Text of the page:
Moving Storytelling

We all want to be let in on what’s going on. This last decade’s great change in media has taken this to a whole new level. As media users we can be present everywhere, at all times, and we no longer accept being treated as spectators from the outside. Nora Thorp Bjørnstad, News Anchor and Reporter at VGTV, gives her view on how to take the users safely, well-informed and moved – inside the news.

In this age of smartphones, Snapchat, Vimeo, Periscope and video blogs, anyone can report on screen. You too probably have, or will. When you find yourself in the middle of something that catches the media’s eye, whether you’re a reporter yourself, or just happen to be at the right (or wrong…) place at the right time, chances are you’ll be caught on camera.

I quit a job at the flagship news program of Norway’s state broadcaster, NRK, to join the building up of what is best described as a cheeky little brother on the national media scene; VGTV. No one could tell us for sure what this was going to become. And most of us still don’t know. What we do know is that the only way of meeting the current shift in paradigms in media is to be flexible, curious, and adaptable. The traditional TV broadcasters still have a set of expectations from their audience that makes them stick to a certain format. My experience is that starting on the other side; online, gives a great advantage when the shifting habits of the users is what controls the market.

But in competition with the massive amount of talking selfies out there, how do you stand out as a communicator? How do you make people care about what you want to tell them? This is my humble insight to how:

SHOW, DON’T TELL: Let the viewers see for themselves. The point of live video reporting is images. Some, you will have to create yourself by explaining. But when you can, let the viewers see what you want to communicate. And remember; for those watching, a picture will always win over words. So make sure your story begins with the images you show.

YOU NEED TO MOVE: The age of a humongous film camera bolted to the ground is over. This only gives the audience a limited insight in what goes on. Take your audience with you. Make them see all the things thatcatch your eye. In terms of access to actual impressions, information and knowledgeable sources, you are very privileged to be on site. So be generous; Make the viewers feel like they have this access, too.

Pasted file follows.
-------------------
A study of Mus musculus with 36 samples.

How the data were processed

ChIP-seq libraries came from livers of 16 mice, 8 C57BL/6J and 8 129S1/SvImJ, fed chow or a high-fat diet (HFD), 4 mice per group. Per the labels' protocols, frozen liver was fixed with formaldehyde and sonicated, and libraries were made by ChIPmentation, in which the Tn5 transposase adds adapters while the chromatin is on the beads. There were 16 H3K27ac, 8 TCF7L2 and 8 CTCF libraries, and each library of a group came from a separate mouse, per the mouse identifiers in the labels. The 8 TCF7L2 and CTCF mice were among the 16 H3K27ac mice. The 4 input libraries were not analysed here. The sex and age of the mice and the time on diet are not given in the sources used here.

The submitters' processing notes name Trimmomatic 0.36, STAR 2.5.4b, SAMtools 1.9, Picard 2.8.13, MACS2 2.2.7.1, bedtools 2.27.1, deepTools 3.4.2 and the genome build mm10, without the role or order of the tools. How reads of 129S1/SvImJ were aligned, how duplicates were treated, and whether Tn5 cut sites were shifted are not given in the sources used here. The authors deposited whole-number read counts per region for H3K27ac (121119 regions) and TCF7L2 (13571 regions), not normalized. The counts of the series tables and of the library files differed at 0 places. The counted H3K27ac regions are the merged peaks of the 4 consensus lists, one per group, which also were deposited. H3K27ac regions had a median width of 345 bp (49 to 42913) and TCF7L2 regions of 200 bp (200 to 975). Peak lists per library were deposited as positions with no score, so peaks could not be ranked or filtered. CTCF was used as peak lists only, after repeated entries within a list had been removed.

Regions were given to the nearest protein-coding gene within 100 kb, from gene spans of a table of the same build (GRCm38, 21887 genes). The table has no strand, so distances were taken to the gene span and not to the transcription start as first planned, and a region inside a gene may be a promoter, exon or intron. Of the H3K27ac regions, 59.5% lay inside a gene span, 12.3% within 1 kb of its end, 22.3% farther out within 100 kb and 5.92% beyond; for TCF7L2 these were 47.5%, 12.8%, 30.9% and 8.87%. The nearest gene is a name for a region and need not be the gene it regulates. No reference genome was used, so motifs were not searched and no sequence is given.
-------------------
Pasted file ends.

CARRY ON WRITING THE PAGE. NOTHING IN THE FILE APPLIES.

LOOK INTERESTED: Act interested. Otherwise, I guarantee you that your audience won’t be. Remember, you’re doing this live report because there’s a story to tell. There’s no point in telling it if people don’t listen.

KEEP IT SHORT: The world of news content is moving fast. Very few people have minutes to spare if what you have to say doesn’t interest them. Compressing your story will challenge you to see what the actual story is about. That often makes it a more attractive story, and you will certainly reach more people that way.

MAKE IT WARM: Just as static, stiff cameras are passé, so are stiff bodies. Make sure you’re warm when reporting, to avoid looking like a frozen popsicle with high shoulders. That is not a confident communicator.

SAY IT SIMPLE: It is literally Chinese fortune cookie philosophy, but this little note I found one evening dining at the local Beijing Palace, struck me as some good advice on how to report live in an engaging manner. Do not try to impress the viewers with fancy words or phrasing. That goes for both reporters and the sources you interview. The only thing you achieve is alienating those who don’t understand. And you want to reach out to as many as possible.

Compared to the other TV channels, we are few and new. This could be a challenge, but ends up giving us great advantages: The viewers of online TV don’t expect the same from us as from the traditional broadcasters we compete against. They accept a product that’s rougher, less polished, less formal. But then again: it’s authentic. We can focus on efficiency, rather than vanity. This makes us work faster and often reach site first.

Another advantage of being relatively “new”; As a media house that mainly consisted of print journalists a few years ago, the video way to break a story is still seen with the excitement of something new. That means a wonderfully enthusiastic attitude to contributing. Everyday we grow stronger, better, inspired by this excitement of entrepreneurs. And before you know it, the flexibility live reporting online makes you strike gold: Vladimir Putin forteller VG om forholdet til Stoltenberg

It means that you can take chances on projects that seem like to much of a risk, like predicting the Northern lights live: Dette har aldri vært sett på direkte TV før (Or check out 2:09:48 of the same clip! We succeded in stunting a 3 hour direct broadcast with guests during the northern lights in the arctic!)

Facts VGTV

Moving images have never been as popular among media consumers as they are today. In 2014 VG took a signi cant step-up on online video, and also launched a linear TV-channel. The sta expanded from 31 to 60. Breaking news is core, as well as entertainment driven actuality programs and high quality documentaries. VGTV experiences large growth in both number of viewers and views, and has reached 22 million online views per month. In comparison NYT has 18 million views per month.